For Europe to Lead in Blockchain, it Needs to Focus on Education

The minister for commerce of Gibraltar writes about what his jurisdiction is doing to prepare for the future.
For Europe to Lead in Blockchain, it Needs to Focus on Education
Minister for Commerce of Gibraltar
4 min read
Opinions expressed by Entrepreneur contributors are their own.

The past 12 months have fundamentally changed the blockchain landscape, with the technology’s advocates across the globe assertively decoupling its perceived potential from the volatility of the crypto market, which for too long, have been incorrectly intertwined in public opinion. The explosive bitcoin price surge towards the end of 2017 and subsequent fall have not been fair representations of the state of the blockchain space. In fact, the characterization of this swirling crypto storm contrasts sharply with the calm and poise emanating from key actors in the blockchain ecosystem. There is no panic, no rush, just measured action.

While the fluctuating market prices have grabbed the headlines, unfairly undermining confidence in the underlying blockchain technology, the substantial work that has been quietly taking place in the background on the education front is more relevant to the longevity of the technology. In 2018, the blockchain education space in the United States has grown by leaps and bounds, a trend I would like to see reflected across Europe.

The firm efforts of major U.S. universities and education institutions to develop and deliver course content on blockchain technology comes amid a surge in blockchain-related jobs, as evidenced by LinkedIn’s recent 2018 U.S. Emerging Jobs report. The report identified the role of blockchain developer as the most rapidly growing emerging job in the U.S., a trend that was also highlighted earlier this year by San Francisco-based tech recruitment agency Hired, which noted that demand for blockchain engineers has increased by 400 percent since late 2017. That report also suggested that blockchain engineers are now earning as much as artificial intelligence specialists.

Given the vibrancy of the blockchain jobs market, several high profile stateside education institutions have taken the initiative to ensure there is a conveyor belt of blockchain proficient professionals equipped with the knowledge and skillset to meet industry demand. Earlier this year, New York University became the first university in the United States to offer students the chance to major in blockchain, and the University of California, Los Angeles (UCLA), just announced the launch of its first blockchain engineering course, set to run from January 2019.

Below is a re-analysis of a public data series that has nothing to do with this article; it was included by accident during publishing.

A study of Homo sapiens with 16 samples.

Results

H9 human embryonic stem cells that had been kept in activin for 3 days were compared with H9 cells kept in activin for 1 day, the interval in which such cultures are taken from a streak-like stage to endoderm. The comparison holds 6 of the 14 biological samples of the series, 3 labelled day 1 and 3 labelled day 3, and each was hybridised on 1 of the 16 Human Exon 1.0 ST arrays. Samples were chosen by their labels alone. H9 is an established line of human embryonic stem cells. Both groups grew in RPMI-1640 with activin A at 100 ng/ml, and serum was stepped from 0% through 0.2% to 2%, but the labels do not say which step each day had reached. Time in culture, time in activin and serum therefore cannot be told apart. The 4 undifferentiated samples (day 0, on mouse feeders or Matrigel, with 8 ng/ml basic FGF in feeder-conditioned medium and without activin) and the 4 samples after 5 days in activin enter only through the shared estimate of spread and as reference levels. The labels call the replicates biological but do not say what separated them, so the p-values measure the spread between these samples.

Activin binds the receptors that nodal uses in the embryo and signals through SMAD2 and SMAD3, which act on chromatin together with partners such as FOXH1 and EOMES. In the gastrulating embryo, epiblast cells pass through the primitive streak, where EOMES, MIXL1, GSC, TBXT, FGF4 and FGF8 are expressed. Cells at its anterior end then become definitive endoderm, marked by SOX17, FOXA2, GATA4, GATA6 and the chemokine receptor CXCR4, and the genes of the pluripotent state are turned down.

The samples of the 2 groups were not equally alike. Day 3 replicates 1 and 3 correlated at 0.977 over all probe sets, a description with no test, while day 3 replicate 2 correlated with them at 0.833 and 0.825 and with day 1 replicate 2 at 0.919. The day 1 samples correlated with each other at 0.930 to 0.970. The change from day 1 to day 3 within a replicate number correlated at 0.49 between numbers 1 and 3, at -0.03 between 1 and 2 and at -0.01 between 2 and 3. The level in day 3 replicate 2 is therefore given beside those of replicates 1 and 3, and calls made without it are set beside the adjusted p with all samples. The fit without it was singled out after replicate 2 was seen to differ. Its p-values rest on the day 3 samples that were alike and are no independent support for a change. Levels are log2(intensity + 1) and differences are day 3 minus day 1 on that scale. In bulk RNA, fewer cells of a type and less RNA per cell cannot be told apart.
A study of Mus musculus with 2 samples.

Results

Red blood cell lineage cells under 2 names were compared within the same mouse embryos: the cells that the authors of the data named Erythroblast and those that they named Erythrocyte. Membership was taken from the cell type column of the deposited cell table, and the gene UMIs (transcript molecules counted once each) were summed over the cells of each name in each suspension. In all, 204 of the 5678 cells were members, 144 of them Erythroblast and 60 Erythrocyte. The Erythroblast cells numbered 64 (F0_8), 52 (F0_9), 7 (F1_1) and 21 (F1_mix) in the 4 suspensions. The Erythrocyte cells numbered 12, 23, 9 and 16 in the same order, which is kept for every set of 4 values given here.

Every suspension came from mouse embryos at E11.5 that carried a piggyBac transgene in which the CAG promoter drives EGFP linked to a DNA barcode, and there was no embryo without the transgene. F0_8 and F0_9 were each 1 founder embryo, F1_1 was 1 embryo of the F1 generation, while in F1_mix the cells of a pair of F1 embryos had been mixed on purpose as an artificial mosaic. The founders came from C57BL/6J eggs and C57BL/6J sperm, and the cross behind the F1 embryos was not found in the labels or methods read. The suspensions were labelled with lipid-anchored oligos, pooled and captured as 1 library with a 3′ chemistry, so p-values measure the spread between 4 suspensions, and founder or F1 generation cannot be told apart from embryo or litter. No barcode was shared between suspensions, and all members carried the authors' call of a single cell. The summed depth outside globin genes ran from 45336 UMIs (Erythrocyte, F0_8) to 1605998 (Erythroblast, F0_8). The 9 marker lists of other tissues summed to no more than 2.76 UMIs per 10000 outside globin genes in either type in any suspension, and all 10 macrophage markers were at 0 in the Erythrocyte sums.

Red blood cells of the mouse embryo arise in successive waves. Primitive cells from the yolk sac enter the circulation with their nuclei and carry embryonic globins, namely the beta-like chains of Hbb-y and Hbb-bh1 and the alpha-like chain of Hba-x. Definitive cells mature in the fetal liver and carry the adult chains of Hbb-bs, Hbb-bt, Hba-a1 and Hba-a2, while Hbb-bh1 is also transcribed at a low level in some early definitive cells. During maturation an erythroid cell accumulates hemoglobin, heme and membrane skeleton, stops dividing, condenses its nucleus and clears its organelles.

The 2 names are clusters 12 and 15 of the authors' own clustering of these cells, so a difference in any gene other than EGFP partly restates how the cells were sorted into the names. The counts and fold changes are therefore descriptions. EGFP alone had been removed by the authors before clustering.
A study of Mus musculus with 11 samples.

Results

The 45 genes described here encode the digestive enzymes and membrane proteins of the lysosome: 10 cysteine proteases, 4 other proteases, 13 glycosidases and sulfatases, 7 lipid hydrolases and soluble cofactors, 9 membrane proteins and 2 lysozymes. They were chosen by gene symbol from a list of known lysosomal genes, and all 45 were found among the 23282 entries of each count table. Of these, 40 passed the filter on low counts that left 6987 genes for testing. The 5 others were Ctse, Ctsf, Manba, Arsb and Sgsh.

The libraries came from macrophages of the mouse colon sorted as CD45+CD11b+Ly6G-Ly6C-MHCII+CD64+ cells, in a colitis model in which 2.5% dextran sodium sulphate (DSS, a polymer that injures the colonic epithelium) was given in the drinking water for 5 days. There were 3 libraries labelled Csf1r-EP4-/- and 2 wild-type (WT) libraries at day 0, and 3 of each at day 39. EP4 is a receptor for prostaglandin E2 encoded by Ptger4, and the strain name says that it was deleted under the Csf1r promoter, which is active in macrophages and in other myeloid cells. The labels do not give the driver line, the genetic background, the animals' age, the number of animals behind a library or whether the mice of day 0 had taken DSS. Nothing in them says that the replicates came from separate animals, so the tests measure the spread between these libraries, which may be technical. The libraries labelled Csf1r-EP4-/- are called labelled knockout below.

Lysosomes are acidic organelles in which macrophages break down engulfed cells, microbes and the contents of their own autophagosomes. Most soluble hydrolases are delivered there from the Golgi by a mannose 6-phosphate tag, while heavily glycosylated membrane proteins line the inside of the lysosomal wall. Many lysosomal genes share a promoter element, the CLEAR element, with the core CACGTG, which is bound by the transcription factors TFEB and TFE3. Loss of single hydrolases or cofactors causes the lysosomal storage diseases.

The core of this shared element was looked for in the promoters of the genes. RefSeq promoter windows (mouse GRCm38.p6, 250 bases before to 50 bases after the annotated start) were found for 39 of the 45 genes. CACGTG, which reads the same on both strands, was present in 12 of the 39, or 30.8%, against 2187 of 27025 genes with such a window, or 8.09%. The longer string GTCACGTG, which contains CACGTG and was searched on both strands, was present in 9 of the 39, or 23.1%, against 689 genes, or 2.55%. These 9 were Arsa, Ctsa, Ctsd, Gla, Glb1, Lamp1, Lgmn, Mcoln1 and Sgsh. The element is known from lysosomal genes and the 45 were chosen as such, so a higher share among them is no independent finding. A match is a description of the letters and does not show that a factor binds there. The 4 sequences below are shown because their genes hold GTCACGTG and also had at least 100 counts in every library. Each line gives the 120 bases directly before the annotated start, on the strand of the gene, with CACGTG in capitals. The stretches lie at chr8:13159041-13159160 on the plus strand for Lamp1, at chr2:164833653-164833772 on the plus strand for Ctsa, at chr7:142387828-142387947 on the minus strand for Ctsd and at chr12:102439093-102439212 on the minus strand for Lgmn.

There have been similar moves in universities across the globe. In August of this year, a Coinbase report highlighted that almost half of the top 50 universities worldwide provide courses in blockchain and cryptocurrencies, but these are predominantly based in the United States. The same report illustrated that eight out of the top 10 universities that offer blockchain courses are based in the U.S., with the other two being the Swiss Federal Institute of Technology Zurich, and the National University of Singapore. There is no reason why European universities can’t feature prominently in the top 10 list.

As the collective community of European blockchain evangelists and industry leaders continue to work diligently on breakthrough projects built on the principles of transparency, efficiency and security, they will need a deep talent pool to choose from as their projects expand and enter the market. While major institutions in the United States are taking the initiative and pouring more and more resources into the blockchain field of study, it is imperative that their European counterparts take the same decisive action. However, universities don’t have to act alone in this endeavor.

The framework and status of established government departments coupled with the technical prowess of blockchain experts and educational institutions can spark the creation of structured education platforms for budding blockchain professionals to develop the key skills needed to pursue careers on the chain. Initiatives such as the New Technologies in Education (NTiE) group here in Gibraltar, developed by the government and the University of Gibraltar in collaboration with some of the leading new technology companies based in Gibraltar, demonstrate the collaborative spirit at the heart of Gibraltar’s ascent as a leading blockchain jurisdiction.

In Gibraltar, we have always recognized that educational development is intrinsically linked to the successful pursuit of new technological opportunities. As a jurisdiction, education has been, and will always be, one of the main strands of focus in our vision for a sustainable blockchain environment. Our ambition on this front has been central to the jurisdiction’s emergence as a bona fide leader on the global blockchain front and I’m confident that this template can fuel the efforts of other countries who want to see education and blockchain innovation accelerate in tandem.